More and more electronic devices keep appearing in my adult Sunday Bible studies. At first it was one or two of those little electronic Bibles that looked like cell phones, then along came smart phones, tablets and other devices. Still, a greater percentage of students carry bound paper Bibles, but these folks are older and their number is decreasing. I can't help but wonder if and when the time will come when I'll be the only dinosaur. (Your wife will be too. - Uni)
I love My Bible(s). I don't own any electronic version nor do I even know how to find one on my computer. What's more, I don't even own any of those electronic aids. I have shelves of aids - books - taking up space in my study: dictionaries, concordances, lexicons, Greek and Hebrew grammars. All of these could be thrown out and replaced by a few discs or online subscriptions. I have many reasons (or excuses) for not doing so: I have a lot of money invested in these and can't afford to invest in any more; I started with these and know my way around in them; I need the exercise of pulling them off the shelves. (Liddell and Scott's Lexicon of Ancient Greek weighs 8 pounds.)
Please don't misunderstand. I'm no Luddite. I don't object to technology as such. I'm using it right now! Christians, as people of the Word, have always been open to technological advancement, especially in the area of communication. For instance, Christians were among the first to utilize the codex - the modern book form - as opposed to scrolls; it made Scriptural preaching much simpler when one could locate a passage more easily. The printing press was welcomed by the early Reformers and Bible translators as a way to get the Word into the hands of the common people - the plowboy and the milkmaid.
And so we welcome the new ways of accessing and studying the Word. A recent article in CHRISTIANITY TODAY, "The Bible in the Original Geek" (March 2014) discusses the many ways new technology "will change the way you think about Scripture." We are able to data mine the Word for all sorts of insights. We can even build our own translations without the need for knowledge of the original languages, or for those who have such knowledge.
Hopefully this is getting more people into the Bible and helping people to understand and gain insight. And those who want to go deeper - scholars, preachers and seminarians - can do so more quickly and with greater ease.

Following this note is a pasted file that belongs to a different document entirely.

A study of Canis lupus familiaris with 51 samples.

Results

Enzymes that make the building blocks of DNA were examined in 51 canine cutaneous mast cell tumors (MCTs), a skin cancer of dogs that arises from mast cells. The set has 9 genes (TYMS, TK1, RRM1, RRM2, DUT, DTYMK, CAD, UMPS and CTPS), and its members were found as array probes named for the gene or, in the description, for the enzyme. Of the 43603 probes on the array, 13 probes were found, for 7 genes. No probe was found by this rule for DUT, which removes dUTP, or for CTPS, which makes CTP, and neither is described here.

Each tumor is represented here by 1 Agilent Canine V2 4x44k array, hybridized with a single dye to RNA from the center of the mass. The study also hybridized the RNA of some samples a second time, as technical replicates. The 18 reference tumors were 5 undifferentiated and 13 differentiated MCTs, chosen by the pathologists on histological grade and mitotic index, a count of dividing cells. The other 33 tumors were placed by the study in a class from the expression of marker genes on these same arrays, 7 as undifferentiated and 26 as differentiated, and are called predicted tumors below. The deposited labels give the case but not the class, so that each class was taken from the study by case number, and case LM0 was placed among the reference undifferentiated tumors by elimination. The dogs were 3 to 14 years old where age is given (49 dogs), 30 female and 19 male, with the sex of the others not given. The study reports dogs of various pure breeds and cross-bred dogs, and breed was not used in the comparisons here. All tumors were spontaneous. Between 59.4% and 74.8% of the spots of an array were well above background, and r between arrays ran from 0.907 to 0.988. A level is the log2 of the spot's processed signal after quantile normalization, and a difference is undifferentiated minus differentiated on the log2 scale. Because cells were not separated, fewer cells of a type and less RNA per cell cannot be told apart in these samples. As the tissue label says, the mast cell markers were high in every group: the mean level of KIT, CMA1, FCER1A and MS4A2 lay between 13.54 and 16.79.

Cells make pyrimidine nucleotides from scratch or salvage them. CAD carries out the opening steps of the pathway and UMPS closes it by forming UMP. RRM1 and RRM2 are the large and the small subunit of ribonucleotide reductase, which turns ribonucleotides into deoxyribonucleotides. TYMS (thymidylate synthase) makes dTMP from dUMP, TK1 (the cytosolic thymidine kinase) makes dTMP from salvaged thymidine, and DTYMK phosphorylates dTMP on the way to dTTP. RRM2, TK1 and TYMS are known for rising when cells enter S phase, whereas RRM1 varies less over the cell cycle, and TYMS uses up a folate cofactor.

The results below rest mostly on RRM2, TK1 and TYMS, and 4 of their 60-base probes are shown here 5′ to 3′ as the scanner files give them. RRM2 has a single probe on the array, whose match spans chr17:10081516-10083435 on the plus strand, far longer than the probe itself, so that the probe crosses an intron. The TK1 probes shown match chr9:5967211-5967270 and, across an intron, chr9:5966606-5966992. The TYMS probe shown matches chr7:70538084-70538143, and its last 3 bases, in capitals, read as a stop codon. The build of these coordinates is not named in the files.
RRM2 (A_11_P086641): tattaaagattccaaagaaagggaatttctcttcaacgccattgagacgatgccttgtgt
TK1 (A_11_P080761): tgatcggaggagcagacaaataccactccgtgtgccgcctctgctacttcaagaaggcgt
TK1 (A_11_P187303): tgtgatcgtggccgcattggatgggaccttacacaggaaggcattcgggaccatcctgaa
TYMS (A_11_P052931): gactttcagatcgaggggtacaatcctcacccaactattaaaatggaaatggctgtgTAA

I feel like I'm John Henry racing the steam drill! (If you don't know who he is, you can Google him.)
I feel, however, that my techie friends may be missing out on a few things. One thing is familiarity, not only with the Bible, but with books in general. When I read a book - any book - I get intimate with it; I feel it; I smell it; I break it in by cracking its back in multiple places; I mark its pages; I flip back and forth; I write my thoughts, questions and disagreements in the margins. I suppose one can do some, maybe most of these things with a book on a Nook, a Kindle or an iPad - but it seems to me that that would be like making love to a robot.
My Bible is more than data to be mined. It's an old friend. It's a letter from my Lover. It's a story I'm familiar with. It's a reminder of my past and present spiritual walk. It saddens me to think that the very technology that can help us gain greater knowledge is depended on by many to give them greater understanding and wisdom. Perhaps it can. But these only can come through familiarity.
So if I may sermonize: Read your Bible; don't just mine it for information. Get familiar with the Book and its authors - both the human and the Divine. Let its "data" penetrate your thinking, whether this comes about through electronic media or through paper and ink. And let it penetrate your life and actions.